10 Chicago attractions that are even better in the winter
This park just to the north of Millennium Park's Pritzker Pavilion is a gem of a public space no matter the season, but it's probably best known for its winter activities. When the temperature drops, a track surrounding the park's climbing walls is covered is turned into a quarter-mile ice skating ribbon, allowing visitors to slide through a serpentine circuit while admiring the surrounding Chicago skyline. It's free to use if you bring your own skates, but you can also rent a pair nearby for $13–$15.
When Chicago's streets are covered in slush and the mercury refuses to rise above freezing, there's no shame in coveting an escape to a tropical island. Thankfully, ordering a couple of colorfully garnished drinks at Logan Square's ever-popular tiki bar is much more affordable than a flight to Hawaii. Snag a seat, admire the palm frond wallpaper and let Lost Lake's staff remind you that slush can be good—as long as it's the variety that's made with rum and served with a banana dolphin.
January in Chicago is Buddy Guy season, when the legendary bluesman picks up his polka-dot guitar and takes the stage for a series of shows at the South Loop blues club that bears his name. The annual month-long residency pairs Guy with a different supporting act on Thursdays, Fridays, Saturdays and Sundays, including young Mississippi guitarist Kingfish and CTA bus driver Toronzo Cannon. Tickets usually move quickly (it's fairly intimate venue, after all), so you should probably plan ahead.
If you need to pretend that you've escaped to a desert or a tropical landscape for a few minutes, you can always stop by the Garfield Park Conservatory, which offers free admission 365 days a year. With two acres of indoor displays to explore, you can stop by throughout the season to warm up while walking throught the Fern Room (which provides an approximation of Chicago's prehistoric plantlife) or the Aroid House (where you'll find plants that don't need much sunlight to thrive).
If you want to dominate your office's Oscar pool this year, you need to stay up-to-date on the latest and greatest films. There's no better place to catch up than at the Music Box, where the latest art-house releases and documentaries are usually screening, even after the December 31st cutoff for Academy Award eligibility. Keep an eye out for the theater's annual screening of every Oscar-nominated documentary short—if you attend, you'll be among the few people who can actually make an informed prediction about who will win the often-overlooked category.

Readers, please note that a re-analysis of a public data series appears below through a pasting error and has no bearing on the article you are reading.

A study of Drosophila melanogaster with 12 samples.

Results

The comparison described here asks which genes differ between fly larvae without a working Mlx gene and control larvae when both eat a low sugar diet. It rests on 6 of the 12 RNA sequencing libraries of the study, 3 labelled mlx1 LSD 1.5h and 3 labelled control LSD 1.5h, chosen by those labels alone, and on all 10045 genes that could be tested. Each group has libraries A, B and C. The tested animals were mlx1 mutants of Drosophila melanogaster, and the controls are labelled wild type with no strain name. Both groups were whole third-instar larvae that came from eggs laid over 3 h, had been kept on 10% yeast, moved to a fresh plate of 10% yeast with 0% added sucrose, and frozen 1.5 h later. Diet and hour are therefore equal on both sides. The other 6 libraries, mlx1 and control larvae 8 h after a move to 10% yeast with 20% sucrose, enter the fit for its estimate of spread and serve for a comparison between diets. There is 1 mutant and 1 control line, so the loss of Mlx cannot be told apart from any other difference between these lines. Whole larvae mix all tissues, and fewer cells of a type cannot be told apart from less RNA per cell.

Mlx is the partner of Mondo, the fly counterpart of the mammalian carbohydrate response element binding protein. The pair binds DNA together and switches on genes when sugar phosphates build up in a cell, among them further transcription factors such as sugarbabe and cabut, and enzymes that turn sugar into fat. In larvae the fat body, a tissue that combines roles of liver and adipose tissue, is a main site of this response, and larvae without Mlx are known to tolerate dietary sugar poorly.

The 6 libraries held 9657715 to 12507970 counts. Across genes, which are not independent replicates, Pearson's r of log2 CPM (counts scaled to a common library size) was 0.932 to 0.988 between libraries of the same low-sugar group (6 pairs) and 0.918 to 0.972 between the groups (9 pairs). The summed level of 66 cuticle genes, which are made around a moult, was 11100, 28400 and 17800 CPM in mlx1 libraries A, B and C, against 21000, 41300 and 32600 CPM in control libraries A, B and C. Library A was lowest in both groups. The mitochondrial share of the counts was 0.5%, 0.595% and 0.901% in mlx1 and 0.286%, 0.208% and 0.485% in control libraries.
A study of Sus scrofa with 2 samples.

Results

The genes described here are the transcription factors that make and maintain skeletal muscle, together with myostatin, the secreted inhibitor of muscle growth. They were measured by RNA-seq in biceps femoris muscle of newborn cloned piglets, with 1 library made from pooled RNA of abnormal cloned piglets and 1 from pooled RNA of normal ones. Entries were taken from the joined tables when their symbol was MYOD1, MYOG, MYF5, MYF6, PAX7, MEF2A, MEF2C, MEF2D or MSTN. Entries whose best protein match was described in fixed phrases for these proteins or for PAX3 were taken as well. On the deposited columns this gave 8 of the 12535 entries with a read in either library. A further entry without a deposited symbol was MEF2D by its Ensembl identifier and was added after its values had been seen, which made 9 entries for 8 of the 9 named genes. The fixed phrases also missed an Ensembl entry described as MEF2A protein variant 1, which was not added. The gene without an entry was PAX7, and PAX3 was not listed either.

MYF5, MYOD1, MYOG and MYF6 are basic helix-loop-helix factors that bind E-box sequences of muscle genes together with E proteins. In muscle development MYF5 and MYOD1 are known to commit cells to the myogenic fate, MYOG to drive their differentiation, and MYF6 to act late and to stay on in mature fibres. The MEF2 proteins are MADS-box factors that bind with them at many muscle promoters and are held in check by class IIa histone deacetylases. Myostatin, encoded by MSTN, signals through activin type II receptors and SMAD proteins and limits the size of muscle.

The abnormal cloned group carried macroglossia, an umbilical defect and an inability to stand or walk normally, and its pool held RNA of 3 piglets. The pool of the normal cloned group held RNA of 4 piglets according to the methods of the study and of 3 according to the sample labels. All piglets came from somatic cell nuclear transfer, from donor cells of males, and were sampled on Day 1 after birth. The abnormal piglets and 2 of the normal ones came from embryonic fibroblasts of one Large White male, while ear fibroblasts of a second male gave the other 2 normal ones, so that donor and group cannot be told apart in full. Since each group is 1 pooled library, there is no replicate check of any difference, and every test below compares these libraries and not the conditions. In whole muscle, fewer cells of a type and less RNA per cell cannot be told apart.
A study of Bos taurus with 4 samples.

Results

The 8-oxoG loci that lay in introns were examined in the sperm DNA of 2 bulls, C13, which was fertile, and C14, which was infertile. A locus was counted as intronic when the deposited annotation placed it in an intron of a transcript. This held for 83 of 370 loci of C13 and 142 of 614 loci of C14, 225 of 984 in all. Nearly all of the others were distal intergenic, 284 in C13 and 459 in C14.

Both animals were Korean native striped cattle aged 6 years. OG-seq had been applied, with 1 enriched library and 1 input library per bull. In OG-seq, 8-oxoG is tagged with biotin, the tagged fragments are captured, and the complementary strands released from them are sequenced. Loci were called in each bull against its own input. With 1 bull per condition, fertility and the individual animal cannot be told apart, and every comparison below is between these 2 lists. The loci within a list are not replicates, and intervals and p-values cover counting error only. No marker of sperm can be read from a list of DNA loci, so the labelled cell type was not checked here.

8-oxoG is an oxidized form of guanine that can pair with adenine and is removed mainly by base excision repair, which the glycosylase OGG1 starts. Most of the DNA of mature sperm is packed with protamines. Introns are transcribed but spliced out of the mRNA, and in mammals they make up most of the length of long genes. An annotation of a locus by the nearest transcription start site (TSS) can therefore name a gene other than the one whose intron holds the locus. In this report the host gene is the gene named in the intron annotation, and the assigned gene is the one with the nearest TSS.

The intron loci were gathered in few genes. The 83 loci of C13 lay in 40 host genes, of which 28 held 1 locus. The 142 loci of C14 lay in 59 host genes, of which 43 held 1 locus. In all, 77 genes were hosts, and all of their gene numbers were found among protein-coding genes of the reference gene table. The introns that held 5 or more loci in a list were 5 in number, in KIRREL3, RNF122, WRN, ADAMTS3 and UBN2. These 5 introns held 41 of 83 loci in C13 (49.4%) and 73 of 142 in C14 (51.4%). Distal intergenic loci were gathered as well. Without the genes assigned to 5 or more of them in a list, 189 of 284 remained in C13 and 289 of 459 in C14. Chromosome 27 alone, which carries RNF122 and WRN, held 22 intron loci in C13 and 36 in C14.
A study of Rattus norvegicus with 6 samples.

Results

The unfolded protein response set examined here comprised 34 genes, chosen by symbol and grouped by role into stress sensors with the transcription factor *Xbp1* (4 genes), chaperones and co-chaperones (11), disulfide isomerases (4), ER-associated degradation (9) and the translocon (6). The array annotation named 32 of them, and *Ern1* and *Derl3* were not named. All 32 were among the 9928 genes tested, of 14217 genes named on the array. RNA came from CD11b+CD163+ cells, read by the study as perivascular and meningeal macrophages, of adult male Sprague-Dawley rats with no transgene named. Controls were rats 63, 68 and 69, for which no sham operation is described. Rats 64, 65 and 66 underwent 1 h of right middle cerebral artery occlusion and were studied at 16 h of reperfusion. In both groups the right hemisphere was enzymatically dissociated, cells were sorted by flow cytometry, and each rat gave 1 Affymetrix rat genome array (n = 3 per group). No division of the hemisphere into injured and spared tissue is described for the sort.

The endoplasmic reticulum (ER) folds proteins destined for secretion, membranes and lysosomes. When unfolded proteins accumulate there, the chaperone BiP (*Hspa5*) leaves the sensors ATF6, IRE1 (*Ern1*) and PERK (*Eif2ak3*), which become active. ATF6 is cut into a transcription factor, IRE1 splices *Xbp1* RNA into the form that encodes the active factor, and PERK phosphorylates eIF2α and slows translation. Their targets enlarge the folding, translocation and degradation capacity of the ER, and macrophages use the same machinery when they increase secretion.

There's no wrong time of the year to go plant shopping, but when the weather is frigid and the trees outside have lost their leaves, you could probably use a bit of greenery in your life. Sprout's West Town shop is a veritable jungle, filled plants of all shapes and sizes, as well as everything you need to keep your photosynthesizing friends thriving through the winter. Stop by to enjoy the lush surroundings, talk to an employee about proper watering schedules or participate in a terrarium workshop.
For several decades, the Original Rainbow Cone has closed its doors for winter and reopened in March. This year, the Beverly institution will keep serving scoops of chocolate, strawberry, Palmer House (vanilla with cherries and walnuts), pistachio and orange sherbet through the winter, with hours on Fridays, Saturdays and Sundays. This just goes to prove a fact we've known all along: It's never too cold for ice cream.
You're always likely to see something interesting during a trip to the Art Institute of Chicago, but this winter is an especially good time to visit the beloved museum. Stop by before January 27 to see gorgeous paintings of Japanese courtesans, geisha and kabuki theater actors in the “Painting the Floating World” exhibition. And from Feburary 15 through 17, the Art Institute will host Midwinter, a new event curated by Pitchfork that features performances by artists like Kamasi Washington, Tortoise and Zola Jesus that will take place in locations throughout the museum.
Few things feel better than a warm bath after a long commute in freezing temperatures, which is why a trip to this luxurious River West spa should keep you rejuvenated until spring arrives. There are six different thermal baths housed in Air Ancient Baths, and you can switch between them as you please during your visit (you'll probably gravitate to the warm and hot baths). It might feel strange to put on your swimsuit in the dead of winter, but once you dip your toes in a steaming pool, you'll temporarily forget about the drifts of snow outside.
No matter how chilly it is outside, it's perpetually springtime inside the Peggy Notebaert Nature Museum. The 2,700-square-foot Judy Istock Butterfly Haven is especially attractive during the frosty months, as it offers a dreamy (and warm) reprieve from the harsh elements where you can observe 1,000 butterflies. The rest of the museum is fantastic, too—kids will love the interactive displays in exhibitions devoted to wildlife and conservation.